Miss No-Green-Thumbs Strikes Again

To say I am a disaster when it comes to growing plants and flowers is an understatement. I’ve attempted a garden a few times in my married life and learned the hard way, gardening was w-a-y out of my skill set.

When I went back to work full time a few years ago I even stopped trying to plant flowers in the summer.  Why bother? There’s a reason I have no plants in my house. I can’t keep them alive. Why should I try to keep anything alive outside either?

But this past spring was going to be different.  Since we were hosting our daughter’s high school graduation party, I was going to have pretty flowers!  My husband purchased two big pots for our front porch and I pretended I knew what I was doing, purchasing beautiful flowers of varying shades of red, purple, and pink.

I wasn’t going to let these guys die!  I watered them faithfully. Yet, they soon took a nosedive and looked terrible.  In fact, one pot was practically full of dead brown flowers. (This was right before the big party, of course.)  I couldn’t figure out what I’d done wrong.

My husband went out for an inspection and returned.  “Honey, you’ve watered them too much.”

Oh. Good. Grief.  First I can’t keep anything alive because I forget to water it, and now I kill them because I actually remember to water them every day but it’s too much?  Who can win at this growing flowers game anyway?

My husband chuckled, went out, and turned those two big pots on their side to drain the excess water.  He delivered the news. He was fairly certain one pot would make it, but he wasn’t sure about the other one.  

I knew I shouldn’t have wasted the money or the time on those flowers and was mad at myself for having even tried.  

And then, an amazing thing happened.  One day I looked out and in the dead pot there was one beautiful red flower surrounded by the brown dead flowers.  I cheered for it and congratulated it for hanging tough in the midst of strife. And by the weekend, a few more bright flowers were showing signs of recovery. I was stunned.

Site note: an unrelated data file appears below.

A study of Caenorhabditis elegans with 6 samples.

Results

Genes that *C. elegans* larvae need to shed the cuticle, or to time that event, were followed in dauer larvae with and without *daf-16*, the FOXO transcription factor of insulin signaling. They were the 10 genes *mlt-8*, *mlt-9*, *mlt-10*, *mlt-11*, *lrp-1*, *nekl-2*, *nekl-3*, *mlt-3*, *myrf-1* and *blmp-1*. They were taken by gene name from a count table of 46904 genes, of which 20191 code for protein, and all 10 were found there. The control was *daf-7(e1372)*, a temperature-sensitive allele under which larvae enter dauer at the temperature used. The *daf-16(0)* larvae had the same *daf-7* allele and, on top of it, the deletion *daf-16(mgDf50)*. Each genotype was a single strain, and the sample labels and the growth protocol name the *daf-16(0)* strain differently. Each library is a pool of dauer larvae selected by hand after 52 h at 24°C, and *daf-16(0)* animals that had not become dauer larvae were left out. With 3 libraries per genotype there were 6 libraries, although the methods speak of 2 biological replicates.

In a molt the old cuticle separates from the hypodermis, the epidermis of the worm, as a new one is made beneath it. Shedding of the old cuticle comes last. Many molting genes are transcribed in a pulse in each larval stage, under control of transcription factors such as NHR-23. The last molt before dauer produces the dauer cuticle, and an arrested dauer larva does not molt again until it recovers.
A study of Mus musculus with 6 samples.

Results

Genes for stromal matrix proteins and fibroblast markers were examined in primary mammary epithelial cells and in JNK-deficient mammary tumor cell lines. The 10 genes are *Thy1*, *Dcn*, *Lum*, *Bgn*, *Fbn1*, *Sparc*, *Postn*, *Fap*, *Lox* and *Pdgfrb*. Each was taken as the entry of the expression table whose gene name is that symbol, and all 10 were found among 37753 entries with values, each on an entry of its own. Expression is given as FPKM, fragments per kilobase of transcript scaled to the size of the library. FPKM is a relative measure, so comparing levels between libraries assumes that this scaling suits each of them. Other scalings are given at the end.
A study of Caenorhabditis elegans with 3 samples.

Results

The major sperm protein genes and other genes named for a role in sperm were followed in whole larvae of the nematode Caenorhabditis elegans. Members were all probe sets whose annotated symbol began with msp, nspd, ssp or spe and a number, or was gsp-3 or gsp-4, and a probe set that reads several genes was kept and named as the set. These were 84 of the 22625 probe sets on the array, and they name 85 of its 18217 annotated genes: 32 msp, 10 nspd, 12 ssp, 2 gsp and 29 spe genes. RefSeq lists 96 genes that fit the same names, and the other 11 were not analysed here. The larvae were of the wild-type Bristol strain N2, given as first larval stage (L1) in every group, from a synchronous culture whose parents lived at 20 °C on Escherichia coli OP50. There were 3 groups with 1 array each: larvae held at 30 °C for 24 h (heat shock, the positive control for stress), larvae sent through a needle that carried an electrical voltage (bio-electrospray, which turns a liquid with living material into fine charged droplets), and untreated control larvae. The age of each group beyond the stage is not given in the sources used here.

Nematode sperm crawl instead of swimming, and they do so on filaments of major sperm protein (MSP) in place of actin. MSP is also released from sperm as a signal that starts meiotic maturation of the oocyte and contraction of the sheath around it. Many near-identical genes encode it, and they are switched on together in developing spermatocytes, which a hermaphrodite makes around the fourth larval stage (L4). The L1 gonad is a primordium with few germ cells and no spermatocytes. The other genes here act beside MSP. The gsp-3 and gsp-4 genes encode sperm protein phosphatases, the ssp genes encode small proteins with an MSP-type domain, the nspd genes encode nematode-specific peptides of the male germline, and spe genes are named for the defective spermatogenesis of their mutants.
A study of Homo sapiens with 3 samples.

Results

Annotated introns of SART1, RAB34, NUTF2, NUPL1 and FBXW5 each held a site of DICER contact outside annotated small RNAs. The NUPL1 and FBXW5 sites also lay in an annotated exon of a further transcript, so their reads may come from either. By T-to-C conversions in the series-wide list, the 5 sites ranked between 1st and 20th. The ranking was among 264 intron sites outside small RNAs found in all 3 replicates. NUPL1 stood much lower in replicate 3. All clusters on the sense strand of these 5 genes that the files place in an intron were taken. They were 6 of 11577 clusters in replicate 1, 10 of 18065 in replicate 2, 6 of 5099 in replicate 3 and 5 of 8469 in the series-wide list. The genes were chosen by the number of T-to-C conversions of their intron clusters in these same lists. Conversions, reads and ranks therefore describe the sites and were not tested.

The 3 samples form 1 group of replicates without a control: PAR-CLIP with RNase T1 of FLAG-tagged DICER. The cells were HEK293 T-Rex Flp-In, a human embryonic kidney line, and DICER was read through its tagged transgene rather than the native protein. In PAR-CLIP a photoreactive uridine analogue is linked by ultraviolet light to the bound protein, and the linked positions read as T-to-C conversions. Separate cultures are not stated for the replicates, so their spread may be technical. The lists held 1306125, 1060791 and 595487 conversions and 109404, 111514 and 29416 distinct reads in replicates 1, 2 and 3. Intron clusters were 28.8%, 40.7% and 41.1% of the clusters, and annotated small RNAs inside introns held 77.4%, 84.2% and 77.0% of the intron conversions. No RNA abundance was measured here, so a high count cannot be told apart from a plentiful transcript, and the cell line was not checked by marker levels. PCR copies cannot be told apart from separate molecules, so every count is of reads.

Now, all this time later, Dear Reader, I have two beautiful large pots of flowers with their many vibrant hues of red, purple, and pink.  In fact, if you didn’t know which pot of flowers was which, I’m not sure you’d be able to tell which pot had been through a heck of an ordeal.

I’m counting on that.

You see, that pot of flowers that had that near death experience: that’s me.  Since my daughter’s paralysis there have been many days where I’ve felt brown and dry and brittle.  But just like the Master Maker works life into His dead flowers, He works life into our dead souls. Painful?  Of course. Not what I’d choose? You guessed it. Will those flowers ever be what they were? Nope! And neither will I.  But there’s still beauty.  They are still giving glory to their Maker with their vibrant colors. And if God can do that with the flowers, I know He can do the same with all of us too.

And just one more thing:  it didn’t look like those flowers had any hope. I know a paralyzed young lady who wasn’t given hope of ever walking normally again.  Then I look at the beautiful flowers on my porch and I just smile. You see, God will get the final word. I just don’t think He’s done yet; with my flowers or my daughter’s paralysis!

Hope.  It’s like a beautiful, beautiful flower.  

Until next Wednesday.  Lord willing.